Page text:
Sunday, May 8, 2011


Dexter. I’ve been rewatching the first season, and I realize now one of the many reasons why I love it so much. I really identify with him. Not the serial killer part, but his emotional awkwardness. He has to fake emotions in order to fit in, as he has no feelings of his own. Now I wouldn’t say that I’m THAT far gone, but I do often feel as though my emotional responses aren’t “normal.” I have comforted many a friend as they cried about MY situation whilst I sat dry-eyed. I have recounted some of my darkest days to others while seeming as detached as if I were talking about the weather. I have stood in the diaper aisle of Wal-Mart wondering when the tears were going to come…reading about other women weeping over Pampers in their local grocery stores told me surely that was the “typical” miscarriage reaction. People have implored me to remember my babies through plants or trees or even through giving them names. The thought that none of those things ever crossed my mind…well, chalk another one up to my oblivious insensitivity.

Now believe me, I do cry. Put Marley & Me on television or give me a Nicholas Sparks novel, and I’m bawling unabashedly. It’s easy for me to cry for someone else’s situation (especially when it involves a furry, four-legged friend). There’s just something about the vulnerability and egocentricity of crying for myself when others are around that I just can’t handle. However, just because I can go out in public and talk about my situation without tearing up, Dexter-style, I’ve found that people think that means I’m “okay” enough to be subjected to all sorts of interesting commentary and advice. I’ve read numerous articles online regarding this verbal phenomenon, so I decided to consolidate the information (plus a few of my own gems) into a list of things NOT to say to me, or anyone else suffering through recurrent miscarriages or infertility, for your own personal safety. *Each faux pas is followed by my unspoken reaction for a little sarcastic relief. (Read at your own risk…)

10) Kids aren’t that great anyway. *Then give yours to me.

9) Maybe you’re just not meant to be a mom. *Ouch! Below the belt!!

8)8) You’ve gained some weight! *Yes after five pregnancies with no time in between, you tend to gain a few pounds. And the grief eating doesn’t help. Oh, and YOU’VE gained a few pounds. (I didn’t say the reactions were mature…) Haha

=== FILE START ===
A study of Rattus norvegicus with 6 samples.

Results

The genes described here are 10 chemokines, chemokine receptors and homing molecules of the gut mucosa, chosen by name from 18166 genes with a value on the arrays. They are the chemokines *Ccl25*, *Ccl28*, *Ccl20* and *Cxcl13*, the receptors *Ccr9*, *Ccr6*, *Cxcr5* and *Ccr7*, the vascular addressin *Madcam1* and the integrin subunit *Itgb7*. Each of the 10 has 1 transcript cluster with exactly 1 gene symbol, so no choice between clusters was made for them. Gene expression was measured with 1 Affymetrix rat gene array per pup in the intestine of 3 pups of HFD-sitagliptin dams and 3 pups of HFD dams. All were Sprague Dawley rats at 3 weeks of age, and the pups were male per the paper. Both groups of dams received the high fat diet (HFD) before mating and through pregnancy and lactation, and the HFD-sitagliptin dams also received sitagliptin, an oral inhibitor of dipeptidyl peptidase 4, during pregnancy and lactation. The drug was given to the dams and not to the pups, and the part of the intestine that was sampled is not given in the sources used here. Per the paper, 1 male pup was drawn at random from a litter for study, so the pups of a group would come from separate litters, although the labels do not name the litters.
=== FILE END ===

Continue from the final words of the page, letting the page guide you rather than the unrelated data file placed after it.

7) Have you tried XYZ? It worked for this lady on the internet… *Oh, I’ll tell my doctor with years and years of experience who has read just about every study known to man on fertility issues and attends all sorts of conferences. I’m sure he’ll be happy to have a cure.

6) Oh well, you can always adopt. *When this comes from someone with their own biological children, it’s a knife to the heart. The inability to have a child with mommy’s lips and daddy’s eyes is a huge grievable loss, a vanishing dream, not just some small inconvenience.

5) I know how you feel. *Not a good idea to say to ANYONE going through anything remotely tragic.

4) God has a plan. *Not helpful unless God has told you what it is and you’re about to impart that knowledge upon me. I know it’s true, but hearing it doesn’t change anything.

3) When are you going to give up on having a baby? *When you buy me a baby.

2) Well, there are worse things that could happen. *Great line for a new Hallmark sympathy card! You should submit the line right away before someone else steals it!

1) Nothing. *I’ve talked about this before – no need to say it again.

I don’t say ANY of this to induce guilt, because if you’re sensitive enough to think I might be writing about you, you’re sensitive enough that you wouldn’t have said any of these things! Also, I know that most of these comments and questions are born out of genuine concern or to fill the uncomfortable silence. I rarely take them to heart or hold them against anyone because God knows I’ve said some TRULY idiotic things when I didn’t know what else to say. The best things to say? I love you. I’m praying for you. Let me know if there’s anything I can do. That means more than all the well-meaning advice in the world.

1 comment:

  1. Way to speak your heart, Amber. Sometimes people need to hear uncomfortable truths in order to better themselves, me included. Thanks for being brave and writing what is on your mind.